Freedom from fear — On Tripura journalist murder

The murder in Tripura underscores the perilous circumstances reporters work in

Published - September 22, 2017 12:15 am IST

The murder of Santanu Bhowmik , a television reporter, in Mandwai in Tripura on Wednesday has predictably drawn the Communist Party of India (Marxist) and the Bharatiya Janata Party into a blame game . While the CPI(M), which is in power in the State, is calling this an ideologically motivated murder by BJP-backed forces, the BJP in turn is keen on casting the killing as purely a law and order failure of the Manik Sarkar government. Bhowmik, who was in his late-20s, was brutally attacked while in the line of duty covering clashes between the Indigenous People’s Front of Tripura (IPFT) and the CPI(M)’s tribal wing, the Tripura Rajaer Upajati Ganamukti Parishad. The IPFT has been escalating its agitation for a separate State, and Tripura has been tense this week with prohibitory orders under Section 144 in place in some districts. By some accounts, Bhowmik had incriminating footage of violence by activists of the IPFT. With elections in Tripura due six months from now, and the BJP taking the fight to the long-ruling CPI(M), there is every danger of fact becoming a casualty as the battle becomes more polarised. It would be a blow against the freedom of the press if Bhowmik’s death is not investigated, keenly and expeditiously, for what it is: because first reports indicate that he did not die in the crossfire, he was targeted.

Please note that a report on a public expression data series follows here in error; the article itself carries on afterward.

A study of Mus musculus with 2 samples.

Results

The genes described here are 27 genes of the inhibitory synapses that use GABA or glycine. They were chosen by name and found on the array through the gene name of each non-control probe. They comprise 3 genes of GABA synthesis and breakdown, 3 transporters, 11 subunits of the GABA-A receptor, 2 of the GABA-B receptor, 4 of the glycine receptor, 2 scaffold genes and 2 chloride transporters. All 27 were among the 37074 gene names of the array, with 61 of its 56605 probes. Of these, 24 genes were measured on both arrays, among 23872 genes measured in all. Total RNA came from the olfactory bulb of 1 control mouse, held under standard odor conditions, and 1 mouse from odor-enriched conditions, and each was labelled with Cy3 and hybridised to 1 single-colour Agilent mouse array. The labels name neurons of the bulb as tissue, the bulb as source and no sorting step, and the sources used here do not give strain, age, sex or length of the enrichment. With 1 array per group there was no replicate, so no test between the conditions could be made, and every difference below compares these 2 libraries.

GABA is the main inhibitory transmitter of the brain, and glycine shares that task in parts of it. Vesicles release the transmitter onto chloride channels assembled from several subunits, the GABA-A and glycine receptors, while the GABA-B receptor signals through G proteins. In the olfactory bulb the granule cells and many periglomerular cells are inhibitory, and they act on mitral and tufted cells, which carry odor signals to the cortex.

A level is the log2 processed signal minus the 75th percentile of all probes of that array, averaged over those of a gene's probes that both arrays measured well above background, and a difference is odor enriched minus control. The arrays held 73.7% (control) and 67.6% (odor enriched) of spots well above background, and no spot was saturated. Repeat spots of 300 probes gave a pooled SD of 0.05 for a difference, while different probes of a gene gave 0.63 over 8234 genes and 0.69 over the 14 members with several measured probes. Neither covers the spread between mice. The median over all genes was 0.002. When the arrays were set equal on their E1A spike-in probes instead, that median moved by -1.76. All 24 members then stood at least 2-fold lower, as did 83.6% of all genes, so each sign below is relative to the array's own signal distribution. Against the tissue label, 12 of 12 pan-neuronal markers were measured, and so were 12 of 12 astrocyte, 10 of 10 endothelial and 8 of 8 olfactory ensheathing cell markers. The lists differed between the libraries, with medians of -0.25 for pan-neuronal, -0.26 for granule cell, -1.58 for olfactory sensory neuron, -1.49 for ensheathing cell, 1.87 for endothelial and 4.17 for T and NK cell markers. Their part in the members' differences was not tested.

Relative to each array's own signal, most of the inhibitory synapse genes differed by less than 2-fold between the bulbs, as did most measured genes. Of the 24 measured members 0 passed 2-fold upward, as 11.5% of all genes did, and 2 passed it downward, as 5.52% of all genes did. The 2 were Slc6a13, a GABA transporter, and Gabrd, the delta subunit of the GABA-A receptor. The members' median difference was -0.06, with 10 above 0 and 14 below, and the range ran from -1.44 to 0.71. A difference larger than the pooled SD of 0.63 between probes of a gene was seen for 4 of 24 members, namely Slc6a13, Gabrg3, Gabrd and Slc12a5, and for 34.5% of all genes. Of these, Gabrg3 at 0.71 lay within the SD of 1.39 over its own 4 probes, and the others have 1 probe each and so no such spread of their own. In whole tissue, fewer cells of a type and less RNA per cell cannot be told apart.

The murder is a reminder of the dangerous circumstances journalists report in and the physical threat they wear as a second skin. Frequently, as Gauri Lankesh’s killing hinted, they are targeted by extremist groups wanting to intimidate others in the public sphere from taking a particular questioning line. At other times, they are killed for knowing too much. Bhowmik may fall in either category, or both. The inhibitory effect of such killings is obvious and it is welcome that mediapersons around the country are demanding a swift follow-up to punish his killers. But in a democracy such tragic deaths need more than just the rallying of colleagues in the profession. There is a clear line that connects intimidatory tactics against a journalist — whether by physical violence or in other coercive ways — and the health of a democracy. India’s Constitution does not specifically mention the freedom of the press, as do those of some countries, including the United States. This makes it all the more important for the public discourse to internalise the connection, so that a watchful vigil against violence and coercion is never allowed to flag. All too often, appraisals such as the World Press Freedom Index are shrugged aside as being incidental. Bhowmik’s death must bring the chill of India’s ranking falling to 136, from an already abysmal 133 in 2016, closer to our bones.